World War One played a significant part in developing women’s political rights – so it is frequently assumed. However, World War One may well have stymied the drive by women to gain political rights or its part may have been overstated.

On June 19th 1917, the House of Commons voted by 385 to 55 to accept the Representation of the People Bill’s women’s suffrage clause. Suffragists were astonished by the margin of support given to them by the still all-male Commons. There had been no guarantee that the bill would be passed, as government whips were not used in the vote. To try to ensure that the bill was passed, Suffragists were encouraged to contact their MP’s to support the bill. On the day that the vote was taken in the House of Commons, members of the NUWSS made sure that known supporters of the bill did not leave the House until the vote had been taken. Clearly, the strategies used by the Suffragists were important when the size of the support given to the bill is taken into account. The huge majority of 330 was to play an important part when it came to the bill moving to the House of Lords.

Why did women get the vote?

It is generally assumed that the House of Commons was in favour of supporting the bill, as they were very appreciative of the work done by women in the First World War. The work done by women during the war was vital but its importance to the passing of the bill may have been overstated. Historians such as Martin Pugh believe that the vote in favour of female suffrage was simply a continuation of the way the issue had been moving before the war had started in 1914.

In 1911 there had been a similar vote to the one in 1917. Of the 194 MP’s who voted for the bills in both 1911 and 1917, only 22 had changed their stance: 14 had changed to being in favour of female suffrage and 4 changed from being for female suffrage in 1911 to being against it in 1917. This leaves a difference of only 14 – a long way off of the 330 majority of 1917.

Therefore, it seems likely that the direction Parliament seemed to be moving in before August 1914 was a significant factor in the 1918 Representation of the People Act. The activities of the Suffragists and Suffragettes pre-1914, therefore, may well have been more important at a political level than the work done by women in the war. As an example, in France, women did important war work in industry and agriculture, but they did not get any form of political suffrage after the war. However, in France there was no history of a women’s movement for political rights before the war.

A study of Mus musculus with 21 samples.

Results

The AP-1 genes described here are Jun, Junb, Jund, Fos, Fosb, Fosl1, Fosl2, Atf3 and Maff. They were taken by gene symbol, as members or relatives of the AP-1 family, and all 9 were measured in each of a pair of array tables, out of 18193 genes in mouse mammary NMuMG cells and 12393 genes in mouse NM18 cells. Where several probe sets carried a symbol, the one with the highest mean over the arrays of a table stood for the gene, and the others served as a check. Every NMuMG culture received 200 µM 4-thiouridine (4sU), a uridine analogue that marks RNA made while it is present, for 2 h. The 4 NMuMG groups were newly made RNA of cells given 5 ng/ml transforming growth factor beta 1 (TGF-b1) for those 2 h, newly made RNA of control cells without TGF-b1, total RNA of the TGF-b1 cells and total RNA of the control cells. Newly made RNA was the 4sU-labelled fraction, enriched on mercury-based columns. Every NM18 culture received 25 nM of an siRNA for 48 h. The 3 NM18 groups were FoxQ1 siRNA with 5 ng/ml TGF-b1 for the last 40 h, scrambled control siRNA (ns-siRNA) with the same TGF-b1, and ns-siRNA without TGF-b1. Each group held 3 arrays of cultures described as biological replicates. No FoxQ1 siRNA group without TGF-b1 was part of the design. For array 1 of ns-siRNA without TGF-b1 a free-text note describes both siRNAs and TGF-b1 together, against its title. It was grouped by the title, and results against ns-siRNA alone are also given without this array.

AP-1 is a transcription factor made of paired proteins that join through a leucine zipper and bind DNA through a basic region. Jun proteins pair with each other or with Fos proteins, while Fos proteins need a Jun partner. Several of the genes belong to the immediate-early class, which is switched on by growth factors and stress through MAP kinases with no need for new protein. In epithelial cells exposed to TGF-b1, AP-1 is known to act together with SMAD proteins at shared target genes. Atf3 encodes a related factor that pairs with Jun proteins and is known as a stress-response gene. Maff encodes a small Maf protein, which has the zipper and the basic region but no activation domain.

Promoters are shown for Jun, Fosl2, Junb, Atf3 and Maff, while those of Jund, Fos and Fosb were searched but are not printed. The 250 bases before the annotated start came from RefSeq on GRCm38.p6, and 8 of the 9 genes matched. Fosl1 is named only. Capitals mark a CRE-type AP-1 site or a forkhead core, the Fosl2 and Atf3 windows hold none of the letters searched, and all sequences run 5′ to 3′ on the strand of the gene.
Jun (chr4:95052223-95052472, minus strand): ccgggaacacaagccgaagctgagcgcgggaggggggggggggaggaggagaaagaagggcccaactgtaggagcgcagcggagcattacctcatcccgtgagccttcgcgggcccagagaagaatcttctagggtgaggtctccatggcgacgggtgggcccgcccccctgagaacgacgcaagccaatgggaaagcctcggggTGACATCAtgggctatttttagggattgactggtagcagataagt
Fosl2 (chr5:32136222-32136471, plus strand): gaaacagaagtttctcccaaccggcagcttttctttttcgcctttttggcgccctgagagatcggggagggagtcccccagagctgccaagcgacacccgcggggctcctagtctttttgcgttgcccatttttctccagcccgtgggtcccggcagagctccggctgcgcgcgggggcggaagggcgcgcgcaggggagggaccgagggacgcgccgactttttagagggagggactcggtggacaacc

It is also possible that Parliament was very conscious of the fact that the militancy pre-1914 might return after the war had ended in 1918. What would be the public reaction to the arrest of women who had done important work for the nation during the war simply for wanting political rights after it? Would those women who had not supported the Suffragettes or Suffragists before the war, be driven into their corner after 1918 if Parliament did not recognise the importance of political rights for women? Along with this was the fear of social and political upheaval as seen in Russia with the overthrow of the tsar in February 1917 followed by the Bolshevik take-over of Russia in October 1917. Could Parliament even vaguely risk such unrest in Britain?

Therefore, while the work of women in the war should not be understated (if only that it got some men on their side), other reasons are also important in explaining why the 1918 Act was passed. A continuation of the way things were going pre-1914 is an important factor as was the fear of social and political unrest in the aftermath of what had happened in Russia.

Ironically, while the war is credited by some as being the factor in pushing Parliament to introducing the 1918 Act, it may well have hindered the progress of female suffrage.

From 1910 to 1913, two issues dominated British politics: the clash between the Lords and the House of Commons and the continuing rise of militancy by the Suffragettes. The death of Emily Wilding Davison at the Derby in 1913 seemed to many to show that the very fabric of society was at risk as this was seen as a direct attack on the royal family. With churches and politicians attacked, a bomb being placed in Westminster Abbey etc. many feared that the violence of the Suffragettes would get worse.

Alongside this, however, was the work done by the Suffragists. They did not approve of the violence that was seemingly commonplace in Britain then. Movements such as the NUWSS and the ELFS had won support among a large number of MP’s who supported their stance. Famous MP’s such as Sir John Simon and David Lloyd George seemed to offer their support. The Prime Minister, Herbert Asquith, had met members of the NUWSS and the ELFS. There seems to have been a climate developing post –1910 that was reasonably positive towards the Suffragists, if not the Suffragettes. It is possible that there would have been some form of female political representation before it actually happened in 1918, but the war took over. However, there had been seemingly positive negotiations between the Suffragists and the government before which had come to nothing.

All the government’s and country’s efforts were absorbed by the war. Emmeline Pankhust told her supporters to support the war effort and the violence of the Suffragettes disappeared.